Setback for Jarvis after rival wins £200m Tube contract

Jarvis, the rail maintenance contractor at the centre of the Potters Bar crash investigation, suffered a fresh blow yesterday after it lost out in the fight for a £200m contract from Tube Lines - the privatised London Underground consortium in which it has a one-third stake.

Tube Lines said that it had awarded the track renewal contract to a joint venture known as GrantRail-Trackwork, one of two other bidders which were shortlisted alongside Jarvis.

The contract is the biggest so far awarded by Tube Lines since it took over the Jubilee, Piccadilly and Northern lines at the start of the year and will enable it to renew or refurbish half the track on the three lines over the next seven years.

Jarvis, which owns Tube Lines along with Amey and Bechtel, put a brave face on the outcome of the bidding. "We do not see this as a setback at all," said a spokesman. "We always said we would only undertake work which met our criterion of producing a 7 per cent margin." He added that, as a shareholder in Tube Lines, Jarvis would benefit from the savings the consortium would make from the contract with the successful bidder.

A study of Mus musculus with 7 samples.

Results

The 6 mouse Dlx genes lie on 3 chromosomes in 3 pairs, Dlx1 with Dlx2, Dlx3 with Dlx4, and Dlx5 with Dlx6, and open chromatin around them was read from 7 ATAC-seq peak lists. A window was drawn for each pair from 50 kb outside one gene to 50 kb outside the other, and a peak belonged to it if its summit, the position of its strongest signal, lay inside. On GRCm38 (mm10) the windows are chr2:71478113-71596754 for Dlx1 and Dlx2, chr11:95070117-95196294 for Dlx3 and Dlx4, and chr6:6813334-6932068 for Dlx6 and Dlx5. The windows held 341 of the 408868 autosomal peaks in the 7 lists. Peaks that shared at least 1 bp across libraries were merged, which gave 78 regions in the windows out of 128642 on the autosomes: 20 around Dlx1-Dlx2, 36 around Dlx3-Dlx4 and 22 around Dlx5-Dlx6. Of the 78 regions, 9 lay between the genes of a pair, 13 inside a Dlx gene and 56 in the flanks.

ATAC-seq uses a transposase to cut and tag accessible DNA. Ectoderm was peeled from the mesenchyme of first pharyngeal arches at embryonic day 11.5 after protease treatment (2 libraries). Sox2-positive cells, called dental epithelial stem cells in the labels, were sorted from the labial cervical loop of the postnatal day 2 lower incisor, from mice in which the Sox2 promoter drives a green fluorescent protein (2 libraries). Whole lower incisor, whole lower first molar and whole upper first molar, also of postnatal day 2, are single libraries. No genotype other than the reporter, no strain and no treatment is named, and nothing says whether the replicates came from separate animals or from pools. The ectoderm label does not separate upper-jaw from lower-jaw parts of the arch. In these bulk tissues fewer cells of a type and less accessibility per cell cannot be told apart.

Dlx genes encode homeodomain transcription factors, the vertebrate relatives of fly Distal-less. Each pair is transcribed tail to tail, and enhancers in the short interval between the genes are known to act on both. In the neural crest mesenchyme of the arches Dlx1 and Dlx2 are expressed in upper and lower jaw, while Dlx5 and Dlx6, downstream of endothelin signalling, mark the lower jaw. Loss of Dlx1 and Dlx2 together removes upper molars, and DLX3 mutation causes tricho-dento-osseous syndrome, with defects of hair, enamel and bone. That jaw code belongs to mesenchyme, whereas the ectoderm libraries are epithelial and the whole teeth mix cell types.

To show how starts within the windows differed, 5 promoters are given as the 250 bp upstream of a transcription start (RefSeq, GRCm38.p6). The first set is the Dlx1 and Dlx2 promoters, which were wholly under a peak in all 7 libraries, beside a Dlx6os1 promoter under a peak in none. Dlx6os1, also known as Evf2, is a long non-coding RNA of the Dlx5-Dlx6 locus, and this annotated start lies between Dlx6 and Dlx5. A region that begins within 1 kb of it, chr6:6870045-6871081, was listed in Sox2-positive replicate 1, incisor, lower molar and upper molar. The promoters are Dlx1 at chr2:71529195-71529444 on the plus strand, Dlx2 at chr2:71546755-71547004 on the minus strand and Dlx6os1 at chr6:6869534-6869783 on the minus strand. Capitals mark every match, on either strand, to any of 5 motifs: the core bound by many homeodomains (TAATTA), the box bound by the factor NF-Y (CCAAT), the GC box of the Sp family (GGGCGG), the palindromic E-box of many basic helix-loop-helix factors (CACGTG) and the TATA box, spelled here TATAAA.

Terry Morgan, chief executive of Tube Lines, pledged that the track investment would deliver journeys that were "faster, smoother and more reliable".

A Tube Lines spokeswoman said the consortium had been under no pressure to award the contract to one of its own shareholders. "The bid process is independent and transparent. GrantRail-Trackwork was chosen because it was the best tender." The company is a joint venture between GrantRail, itself a partnership between the steel producer Corus and the Dutch company Volker Wessels Stevin, and Trackwork, a family-owned rail business based in Doncaster.

The track renewal order is one of several contracts worth almost £1bn which Tube Lines expects to award in its first year. It has already placed a £160m order for additional trains with Alstom, which it has now emerged will be built abroad rather than at its Washwood Heath plant in Birmingham which is to stop manufacturing rolling stock with the loss of thousands of jobs.

Further contracts for train control systems and communications systems, worth £400m and £150m-£200m respectively, are due to be awarded before the end of the year.